Five pieces of World Trade Center steel twisted and scarred by the destruction of the twin towers on Sept. 11, 2001, have been transported to Saratoga County, where they will be shaped into a memorial to the terrorist attack and loss of life.
The project, called Tempered by Memory, is scheduled to conclude this year on Sept. 11 when artists John VanAlstine and Noah Savett unveil a sculpture made from the steel and install it in front of the Saratoga Springs City Center on Broadway.
VanAlstine and Savett watched Wednesday morning as the largest piece of steel, weighing more than a ton, was removed with a crane from the truck that transported it from New York City. It was placed outside Savett’s ironworks in Gansevoort, where the two will create the sculpture.
“This is the first time I’ve seen it vertical,” Savett said as the steel hung from the crane. “We have nothing etched in stone yet, but several concepts are on paper.”
The men have had their works shown side by side before, but this is the first collaborative venture, according to VanAlstine.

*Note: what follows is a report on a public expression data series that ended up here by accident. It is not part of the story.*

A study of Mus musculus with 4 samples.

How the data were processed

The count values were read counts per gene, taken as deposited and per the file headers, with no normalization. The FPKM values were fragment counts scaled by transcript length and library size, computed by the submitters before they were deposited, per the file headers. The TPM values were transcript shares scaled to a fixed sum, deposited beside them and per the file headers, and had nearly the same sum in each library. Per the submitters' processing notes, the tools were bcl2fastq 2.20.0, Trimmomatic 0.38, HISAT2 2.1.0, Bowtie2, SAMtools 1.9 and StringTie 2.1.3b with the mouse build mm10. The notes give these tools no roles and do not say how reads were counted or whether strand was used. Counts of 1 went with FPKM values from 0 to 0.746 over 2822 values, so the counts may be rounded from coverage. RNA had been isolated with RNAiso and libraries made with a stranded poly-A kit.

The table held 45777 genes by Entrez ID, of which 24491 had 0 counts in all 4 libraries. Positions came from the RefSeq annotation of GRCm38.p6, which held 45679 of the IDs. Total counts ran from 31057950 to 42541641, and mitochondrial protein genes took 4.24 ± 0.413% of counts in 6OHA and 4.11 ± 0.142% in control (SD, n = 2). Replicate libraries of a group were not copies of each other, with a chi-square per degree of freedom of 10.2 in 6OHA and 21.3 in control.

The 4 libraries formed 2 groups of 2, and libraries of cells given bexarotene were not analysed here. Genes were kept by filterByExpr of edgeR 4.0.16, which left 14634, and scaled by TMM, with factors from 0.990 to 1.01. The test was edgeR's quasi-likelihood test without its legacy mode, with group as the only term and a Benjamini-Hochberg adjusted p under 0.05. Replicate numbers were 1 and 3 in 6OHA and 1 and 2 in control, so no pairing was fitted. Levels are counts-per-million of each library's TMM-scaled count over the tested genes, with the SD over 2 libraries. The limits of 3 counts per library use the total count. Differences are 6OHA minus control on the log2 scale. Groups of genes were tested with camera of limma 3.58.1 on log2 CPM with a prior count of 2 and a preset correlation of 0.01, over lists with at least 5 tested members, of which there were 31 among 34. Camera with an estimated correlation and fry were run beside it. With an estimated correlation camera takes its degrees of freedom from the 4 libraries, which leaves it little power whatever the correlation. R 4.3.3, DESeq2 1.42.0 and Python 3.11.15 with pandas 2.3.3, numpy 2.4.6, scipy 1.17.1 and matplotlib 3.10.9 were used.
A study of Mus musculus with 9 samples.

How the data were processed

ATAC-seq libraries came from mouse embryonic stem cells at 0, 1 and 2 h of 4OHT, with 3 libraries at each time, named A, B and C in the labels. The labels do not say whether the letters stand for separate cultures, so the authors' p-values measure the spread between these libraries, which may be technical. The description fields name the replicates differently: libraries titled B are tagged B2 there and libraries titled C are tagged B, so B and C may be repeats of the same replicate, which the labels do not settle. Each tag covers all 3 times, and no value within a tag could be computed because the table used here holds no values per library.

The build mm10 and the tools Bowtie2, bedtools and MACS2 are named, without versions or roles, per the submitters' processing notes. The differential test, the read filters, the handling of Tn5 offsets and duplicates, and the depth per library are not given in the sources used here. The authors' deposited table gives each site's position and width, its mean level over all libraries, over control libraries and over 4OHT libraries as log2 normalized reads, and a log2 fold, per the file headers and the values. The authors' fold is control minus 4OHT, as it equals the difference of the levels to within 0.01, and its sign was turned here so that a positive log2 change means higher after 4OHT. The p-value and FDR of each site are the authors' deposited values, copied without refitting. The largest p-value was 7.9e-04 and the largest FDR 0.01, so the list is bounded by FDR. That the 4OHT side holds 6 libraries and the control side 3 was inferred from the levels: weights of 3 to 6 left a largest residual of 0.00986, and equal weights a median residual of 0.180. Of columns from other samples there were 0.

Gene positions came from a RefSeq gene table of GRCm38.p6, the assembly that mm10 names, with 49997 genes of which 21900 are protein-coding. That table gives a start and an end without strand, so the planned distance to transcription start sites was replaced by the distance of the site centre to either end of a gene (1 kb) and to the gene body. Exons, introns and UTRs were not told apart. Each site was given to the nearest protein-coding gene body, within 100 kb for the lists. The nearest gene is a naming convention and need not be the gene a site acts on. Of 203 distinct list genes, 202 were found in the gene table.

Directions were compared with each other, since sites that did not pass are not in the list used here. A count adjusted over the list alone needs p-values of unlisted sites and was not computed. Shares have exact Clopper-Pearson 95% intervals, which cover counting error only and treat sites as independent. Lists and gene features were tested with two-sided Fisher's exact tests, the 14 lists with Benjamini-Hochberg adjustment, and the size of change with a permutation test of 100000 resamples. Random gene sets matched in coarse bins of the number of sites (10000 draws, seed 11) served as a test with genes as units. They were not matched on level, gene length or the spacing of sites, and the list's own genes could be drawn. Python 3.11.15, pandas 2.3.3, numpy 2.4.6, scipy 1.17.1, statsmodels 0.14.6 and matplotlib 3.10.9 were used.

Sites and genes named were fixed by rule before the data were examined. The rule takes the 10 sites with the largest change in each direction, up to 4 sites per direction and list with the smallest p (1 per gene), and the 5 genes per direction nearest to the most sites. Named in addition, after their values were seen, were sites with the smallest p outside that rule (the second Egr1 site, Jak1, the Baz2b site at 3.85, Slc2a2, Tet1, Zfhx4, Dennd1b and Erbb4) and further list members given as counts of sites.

“We went to JFK Airport together to select the pieces and we had a general idea of how we wanted to use them,” he said. “We don’t want to alter them a lot, but it’s a matter of how to present them in a compelling and poetic way and let the steel speak for itself.”
Saratoga Arts, formerly known as the Saratoga County Arts Council, commissioned the work and Executive Director Joel Reed said having the steel close to what will be its final resting place has been a lengthy process that began with an application to the Port Authority of New York and New Jersey, which had to approve the use of the wreckage from the World Trade Center.
“We had to define our project and how and where the steel would be used,” Reed said. “When we were selected, we moved quickly and found a great deal of support for making this happen.”
Retired iron workers have volunteered their time to help the artists bring the steel pieces into place, and construction companies in the region have also offered equipment and workers to get the job done, he said.
VanAlstine and Savett each expressed hope that the finished product will be perceived as respectful of the people who lost their lives as well as their families.
“Not everyone will be on board, but our intent is to honor the families,” VanAlstine said.
His partner agreed.
“Abstract art doesn’t always get support or enthusiasm, but the community’s support for this project has been great,” Savett said.